Request for production of documents is a type of discovery that instead of asking for written answers (like interrogatories), this request is for paper and electronic documents. You can think of it as “Don’t tell me what the documents or videos say, just give me the documents or videos etc.”
What can you request with this type of discovery?
Basically any physical item or piece of data however it is stored. Here are examples:
**Emails **Policy manuals **Pictures **Audio files **Video files **Inspect land or a building or an office **CDs **Thumb drives **Cloud storage **Letters **Paper documents **Bank records
Who can make the request?
Any party can use request for documents.
Who has to answer the request?
Only other parties — this type of discovery is for the parties. Now if a non party has documents, we use subpoenas to get their documents and we’ll cover those in a different article.
How long do you have to answer a request for documents?
30 days from when you receive the request.
Can you object to the request for documents?
Yes if there is something wrong with a particular request, you can object to it. The obligation is to answer the request as best as you can and only object to the part that is truly objectionable.
What if you don’t answer them?
The other side can file a motion to compel.
What is a motion to compel?
This is where the “asking” party tells the court that the other side won’t respond or won’t respond properly. The court can take away objections, can force the non responsive side to pay for attorney fees, and can take other more drastic action.
What if you just want the other side to admit or deny certain facts and don’t care about the documents?
Then you use what is known as a “Request for Admission” that we will discuss in our next article.
We hope you are enjoying our series on consumer protection lawsuits in federal court.
Give us a call at 205-879-2447 if you have any questions and we’ll be glad to help you any way we can.
PS — the rule for request for production of documents is Federal Rule of Civil Procedure 34. Here is the text of that rule….
Rule 34. Producing Documents, Electronically Stored Information, and Tangible Things, or Entering onto Land, for Inspection and Other Purposes
(a) In General. A party may serve on any other party a request within the scope of Rule 26(b):
(1) to produce and permit the requesting party or its representative to inspect, copy, test, or sample the following items in the responding party’s possession, custody, or control:
(A) any designated documents or electronically stored information-including writings, drawings, graphs, charts, photographs, sound recordings, images, and other data or data compilations-stored in any medium from which information can be obtained either directly or, if necessary, after translation by the responding party into a reasonably usable form; or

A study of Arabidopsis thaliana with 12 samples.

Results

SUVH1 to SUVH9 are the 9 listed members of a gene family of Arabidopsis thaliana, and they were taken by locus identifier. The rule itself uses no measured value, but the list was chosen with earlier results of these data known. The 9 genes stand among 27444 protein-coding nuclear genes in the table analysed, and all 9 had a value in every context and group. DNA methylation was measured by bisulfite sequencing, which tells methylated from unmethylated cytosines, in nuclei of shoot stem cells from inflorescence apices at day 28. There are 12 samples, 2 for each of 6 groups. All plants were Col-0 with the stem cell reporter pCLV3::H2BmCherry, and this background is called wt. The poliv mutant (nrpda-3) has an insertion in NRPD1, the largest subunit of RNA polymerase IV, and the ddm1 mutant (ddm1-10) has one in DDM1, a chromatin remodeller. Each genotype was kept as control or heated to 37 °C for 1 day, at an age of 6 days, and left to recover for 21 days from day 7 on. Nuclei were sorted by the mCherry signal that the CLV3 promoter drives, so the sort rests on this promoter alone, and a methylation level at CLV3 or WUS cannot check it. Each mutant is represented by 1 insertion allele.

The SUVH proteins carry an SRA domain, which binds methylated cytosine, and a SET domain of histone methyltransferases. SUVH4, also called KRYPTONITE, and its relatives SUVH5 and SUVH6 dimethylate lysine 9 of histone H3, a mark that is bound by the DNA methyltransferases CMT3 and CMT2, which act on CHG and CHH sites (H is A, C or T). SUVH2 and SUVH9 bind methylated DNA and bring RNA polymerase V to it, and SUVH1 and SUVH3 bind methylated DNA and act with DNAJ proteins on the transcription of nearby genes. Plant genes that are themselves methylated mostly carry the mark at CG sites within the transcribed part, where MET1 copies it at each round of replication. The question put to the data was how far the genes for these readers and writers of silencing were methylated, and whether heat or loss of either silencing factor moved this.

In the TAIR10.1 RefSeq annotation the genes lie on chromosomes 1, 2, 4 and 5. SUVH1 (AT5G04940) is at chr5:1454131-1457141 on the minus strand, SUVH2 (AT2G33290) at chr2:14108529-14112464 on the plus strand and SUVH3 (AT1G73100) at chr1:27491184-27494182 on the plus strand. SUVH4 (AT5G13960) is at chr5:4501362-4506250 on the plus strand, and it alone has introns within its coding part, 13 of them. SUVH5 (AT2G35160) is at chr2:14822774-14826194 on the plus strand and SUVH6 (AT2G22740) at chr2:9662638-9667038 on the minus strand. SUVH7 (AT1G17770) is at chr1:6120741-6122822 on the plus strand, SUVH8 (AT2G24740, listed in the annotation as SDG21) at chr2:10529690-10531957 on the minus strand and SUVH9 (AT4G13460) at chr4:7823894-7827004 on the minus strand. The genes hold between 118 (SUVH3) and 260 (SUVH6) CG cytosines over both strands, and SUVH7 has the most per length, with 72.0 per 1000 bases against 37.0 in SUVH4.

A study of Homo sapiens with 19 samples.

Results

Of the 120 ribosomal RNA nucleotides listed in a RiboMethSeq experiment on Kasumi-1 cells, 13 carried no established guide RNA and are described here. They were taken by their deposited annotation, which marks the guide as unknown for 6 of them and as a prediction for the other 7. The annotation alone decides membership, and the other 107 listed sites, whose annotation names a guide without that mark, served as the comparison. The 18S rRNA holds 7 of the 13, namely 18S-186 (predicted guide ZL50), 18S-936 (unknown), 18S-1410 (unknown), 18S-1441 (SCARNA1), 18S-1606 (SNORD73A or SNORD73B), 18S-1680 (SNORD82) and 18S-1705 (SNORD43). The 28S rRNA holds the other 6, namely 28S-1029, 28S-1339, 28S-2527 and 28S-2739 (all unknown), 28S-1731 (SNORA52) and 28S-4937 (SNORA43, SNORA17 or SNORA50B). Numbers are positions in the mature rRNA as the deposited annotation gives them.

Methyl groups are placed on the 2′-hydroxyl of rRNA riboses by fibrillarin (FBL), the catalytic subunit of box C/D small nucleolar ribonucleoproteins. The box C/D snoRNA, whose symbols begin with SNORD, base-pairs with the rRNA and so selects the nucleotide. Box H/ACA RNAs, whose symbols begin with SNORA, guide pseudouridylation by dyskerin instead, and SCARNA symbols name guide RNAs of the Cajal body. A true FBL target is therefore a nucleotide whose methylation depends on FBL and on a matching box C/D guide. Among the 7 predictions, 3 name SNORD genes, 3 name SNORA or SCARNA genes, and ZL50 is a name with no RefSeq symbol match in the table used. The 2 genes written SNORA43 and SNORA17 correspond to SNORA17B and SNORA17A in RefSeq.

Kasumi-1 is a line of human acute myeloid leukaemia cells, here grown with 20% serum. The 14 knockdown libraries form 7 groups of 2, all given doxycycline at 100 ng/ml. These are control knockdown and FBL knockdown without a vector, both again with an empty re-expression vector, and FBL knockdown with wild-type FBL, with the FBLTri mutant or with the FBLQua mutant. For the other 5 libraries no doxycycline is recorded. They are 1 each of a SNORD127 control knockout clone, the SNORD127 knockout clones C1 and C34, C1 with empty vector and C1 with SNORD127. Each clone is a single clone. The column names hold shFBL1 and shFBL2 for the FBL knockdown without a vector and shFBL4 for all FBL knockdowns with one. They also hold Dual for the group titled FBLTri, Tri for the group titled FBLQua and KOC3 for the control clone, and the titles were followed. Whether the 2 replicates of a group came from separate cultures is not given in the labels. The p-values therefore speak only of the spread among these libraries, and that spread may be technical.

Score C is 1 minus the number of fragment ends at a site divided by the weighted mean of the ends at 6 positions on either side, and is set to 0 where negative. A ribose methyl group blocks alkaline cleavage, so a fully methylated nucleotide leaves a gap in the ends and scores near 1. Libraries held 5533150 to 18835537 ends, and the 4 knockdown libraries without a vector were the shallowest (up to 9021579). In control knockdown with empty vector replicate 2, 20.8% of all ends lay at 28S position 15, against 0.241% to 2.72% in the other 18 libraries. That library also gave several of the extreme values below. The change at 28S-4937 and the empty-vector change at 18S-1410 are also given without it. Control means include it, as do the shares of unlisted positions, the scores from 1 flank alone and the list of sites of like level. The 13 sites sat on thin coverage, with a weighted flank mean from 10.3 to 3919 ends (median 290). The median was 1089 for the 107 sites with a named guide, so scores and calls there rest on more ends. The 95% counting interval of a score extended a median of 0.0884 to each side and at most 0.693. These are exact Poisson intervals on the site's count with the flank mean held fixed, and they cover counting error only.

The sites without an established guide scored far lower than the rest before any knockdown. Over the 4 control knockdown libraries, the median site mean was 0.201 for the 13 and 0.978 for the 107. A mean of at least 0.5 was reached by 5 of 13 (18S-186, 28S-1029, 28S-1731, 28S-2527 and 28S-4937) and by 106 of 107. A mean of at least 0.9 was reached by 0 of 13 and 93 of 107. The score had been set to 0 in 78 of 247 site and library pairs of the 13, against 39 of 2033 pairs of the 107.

(B) any designated tangible things; or
(2) to permit entry onto designated land or other property possessed or controlled by the responding party, so that the requesting party may inspect, measure, survey, photograph, test, or sample the property or any designated object or operation on it.
(1) Contents of the Request. The request:
(A) must describe with reasonable particularity each item or category of items to be inspected;
(B) must specify a reasonable time, place, and manner for the inspection and for performing the related acts; and
(C) may specify the form or forms in which electronically stored information is to be produced.
(2) Responses and Objections.
(A) Time to Respond. The party to whom the request is directed must respond in writing within 30 days after being served or – if the request was delivered under Rule 26(d)(2) – within 30 days after the parties’ first Rule 26(f) conference. A shorter or longer time may be stipulated to under Rule 29 or be ordered by the court.
(B) Responding to Each Item. For each item or category, the response must either state that inspection and related activities will be permitted as requested or state with specificity the grounds for objecting to the request, including the reasons. The responding party may state that it will produce copies of documents or of electronically stored information instead of permitting inspection. The production must then be completed no later than the time for inspection specified in the request or another reasonable time specified in the response.
(C) Objections. An objection must state whether any responsive materials are being withheld on the basis of that objection. An objection to part of a request must specify the part and permit inspection of the rest.
(D) Responding to a Request for Production of Electronically Stored Information. The response may state an objection to a requested form for producing electronically stored information. If the responding party objects to a requested form-or if no form was specified in the request-the party must state the form or forms it intends to use.
(E) Producing the Documents or Electronically Stored Information. Unless otherwise stipulated or ordered by the court, these procedures apply to producing documents or electronically stored information:
(i) A party must produce documents as they are kept in the usual course of business or must organize and label them to correspond to the categories in the request;
(ii) If a request does not specify a form for producing electronically stored information, a party must produce it in a form or forms in which it is ordinarily maintained or in a reasonably usable form or forms; and
(iii) A party need not produce the same electronically stored information in more than one form.
(c) Nonparties. As provided in Rule 45, a nonparty may be compelled to produce documents and tangible things or to permit an inspection.